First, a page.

How Mosley lost F1 power battle
Formula 1 woke up this morning to an unfamiliar feeling - there has been a power struggle and Max Mosley lost.
Sure, the agreement that ended the threat of eight of F1's 10 teams quitting the sport and racing in a breakaway championship next year can be dressed up as the FIA president getting what he wanted - and Mosley himself tried to do just that on Wednesday - but the bottom line is that the 'rebel' teams prevailed on every one of their demands.
They objected to Mosley's plan to introduce a budget cap in F1 - and there won't be one, or the two sets of rules that were part of it.
They wanted rules stability - they've got it.
They wanted a reinstatement of the Concorde Agreement, which governs F1 and, among other things, enshrines the role of the teams in the creation of the rules, and which Mosley allowed to lapse - and a new Agreement will be signed shortly.
And, although they did not say so publicly, they wanted Mosley out, having tired of what they saw as his autocratic and arbitrary governance - and he has agreed not to stand again for the FIA presidency when his term expires in October.
It is this last development that is the most striking of all. Mosley is reputed to enjoy power and influence, and yet here he is apparently voluntarily giving it up.
There are two ways of looking at this turn of events.
The pro-Mosley one is that the controversial FIA president is happy to stand down having secured the future of F1.
He has won an agreement from the teams that they will reduce costs (albeit by restricting areas of spending, not by a published spending limit).
He has got new teams into F1, with the potential that, now budgets are coming down, the sport will no longer be a closed shop (and got the road-car manufacturers to agree to supply engines at 6.5m Euros a season to help this along).
And he has negotiated a deal that gets the teams to recognise the role of the FIA as F1's governing body, and got them committed to F1 until 2012.
So Mosley can say that he is happy to go now that he has secured peace.
But the reality is that, so unhappy had the teams become with his governance of F1, none of this would have been achieved without him agreeing to go in the first place.
F1 has only reached this compromise because of the announcement made by the F1 Teams' Association (Fota) late last Thursday night that they were pressing ahead with plans to set up their own championship next year.
Mosley's representatives went around the teams over the weekend, and the message coming back was that they were deadly serious. They were not going to be messed around any more. They were so fed up with Mosley's governance of F1 that they were prepared to go through with the threat
This, apparently, focused the minds of interested parties - and particularly that of the company that owns the commercial rights, the venture capital group CVC.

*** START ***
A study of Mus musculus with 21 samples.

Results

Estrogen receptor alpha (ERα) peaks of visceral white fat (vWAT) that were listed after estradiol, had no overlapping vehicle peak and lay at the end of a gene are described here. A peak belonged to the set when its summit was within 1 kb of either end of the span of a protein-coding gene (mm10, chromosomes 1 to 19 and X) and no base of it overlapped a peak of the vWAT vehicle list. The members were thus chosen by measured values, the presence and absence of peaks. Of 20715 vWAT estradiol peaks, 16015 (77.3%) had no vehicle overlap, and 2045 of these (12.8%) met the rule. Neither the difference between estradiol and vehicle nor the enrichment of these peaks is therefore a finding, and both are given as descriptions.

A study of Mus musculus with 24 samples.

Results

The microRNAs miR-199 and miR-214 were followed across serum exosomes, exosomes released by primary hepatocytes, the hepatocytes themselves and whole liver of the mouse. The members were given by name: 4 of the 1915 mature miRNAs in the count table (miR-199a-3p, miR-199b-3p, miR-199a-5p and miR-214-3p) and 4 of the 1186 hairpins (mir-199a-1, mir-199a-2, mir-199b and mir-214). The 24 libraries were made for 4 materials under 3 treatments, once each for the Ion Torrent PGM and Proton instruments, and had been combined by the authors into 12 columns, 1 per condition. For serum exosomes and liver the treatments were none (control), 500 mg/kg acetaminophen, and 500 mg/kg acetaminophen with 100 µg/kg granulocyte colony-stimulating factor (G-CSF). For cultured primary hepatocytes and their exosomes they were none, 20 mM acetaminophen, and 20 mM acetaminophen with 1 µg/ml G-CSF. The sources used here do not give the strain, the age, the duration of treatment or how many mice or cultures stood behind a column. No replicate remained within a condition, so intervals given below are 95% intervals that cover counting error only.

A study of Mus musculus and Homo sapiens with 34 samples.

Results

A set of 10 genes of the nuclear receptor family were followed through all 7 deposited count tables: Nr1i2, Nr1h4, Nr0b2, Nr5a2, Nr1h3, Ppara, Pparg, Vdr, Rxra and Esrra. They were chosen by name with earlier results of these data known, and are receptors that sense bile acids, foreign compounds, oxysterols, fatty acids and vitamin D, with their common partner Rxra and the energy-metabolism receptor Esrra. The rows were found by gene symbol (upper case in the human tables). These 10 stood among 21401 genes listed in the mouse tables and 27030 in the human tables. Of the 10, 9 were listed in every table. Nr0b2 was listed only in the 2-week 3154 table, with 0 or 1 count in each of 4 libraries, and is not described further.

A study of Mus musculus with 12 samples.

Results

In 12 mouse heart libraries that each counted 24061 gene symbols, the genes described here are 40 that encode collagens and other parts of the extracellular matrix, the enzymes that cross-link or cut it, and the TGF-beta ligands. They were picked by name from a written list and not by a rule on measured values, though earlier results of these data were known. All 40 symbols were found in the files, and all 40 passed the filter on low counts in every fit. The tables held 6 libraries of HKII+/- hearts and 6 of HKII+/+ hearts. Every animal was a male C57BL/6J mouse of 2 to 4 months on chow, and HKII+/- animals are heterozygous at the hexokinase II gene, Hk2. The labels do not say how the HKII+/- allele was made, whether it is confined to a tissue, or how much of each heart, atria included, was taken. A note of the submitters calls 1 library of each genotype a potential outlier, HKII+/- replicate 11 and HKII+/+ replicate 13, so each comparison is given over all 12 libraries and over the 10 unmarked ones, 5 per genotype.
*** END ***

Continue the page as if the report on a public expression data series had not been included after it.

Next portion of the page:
It bought the rights from Bernie Ecclestone for a stratospheric figure, believed to be about £1.8bn, and funded the purchase with loans.
Servicing those loans is manageable while F1 is a success - but a breakaway would have left CVC with the debt and an asset with no significant value, as the Fota series raced with the best cars and drivers in the world, and the F1 world championship was left with one famous team - Williams, whose last world title was won more than 10 years ago - and not much else.
Understandably, this made CVC and its lenders nervous and it seems pressure was put on Ecclestone, who is their employee, to sort the problem out.
So there were talks in the early part of this week, and then Ecclestone met with Mosley and Ferrari president Luca di Montezemolo, the chairman of Fota, before Wednesday's meeting of the FIA World Council, to thrash out their deal.
In theory, this should be the beginning of a new era for F1.
The teams are all committed to the sport, although of course there is no absolute guarantee a car manufacturer struggling in the global economic climate will not pull the plug.
Rules stability normally leads to good racing, as all the teams close up on each other because understanding of a set of regulations increases - and any negotiations over new rules will be handled in a spirit of compromise not antagonism.
And the old divide-and-conquer game that Ecclestone and Mosley used to play to keep the teams under control will no longer be possible.
Perhaps the most striking development to come out of all of this is that it has become clear that there are now three major forces in F1 - Ecclestone through his F1 Management (FOM) company, the FIA and Fota. And Fota is arguably the most powerful.
Fota's aims include: securing the place of countries with a rich F1 history on the calendar; at least one race in America; fewer races in places where no-one wants to watch; better TV coverage; cheaper ticket prices; disparity of cars and engines between the teams; and that the sport should not be owned by a venture capital company that squeezes out half its profits.
For fans of the sport, the end to this crisis in F1 could turn out to be just the beginning of the good news.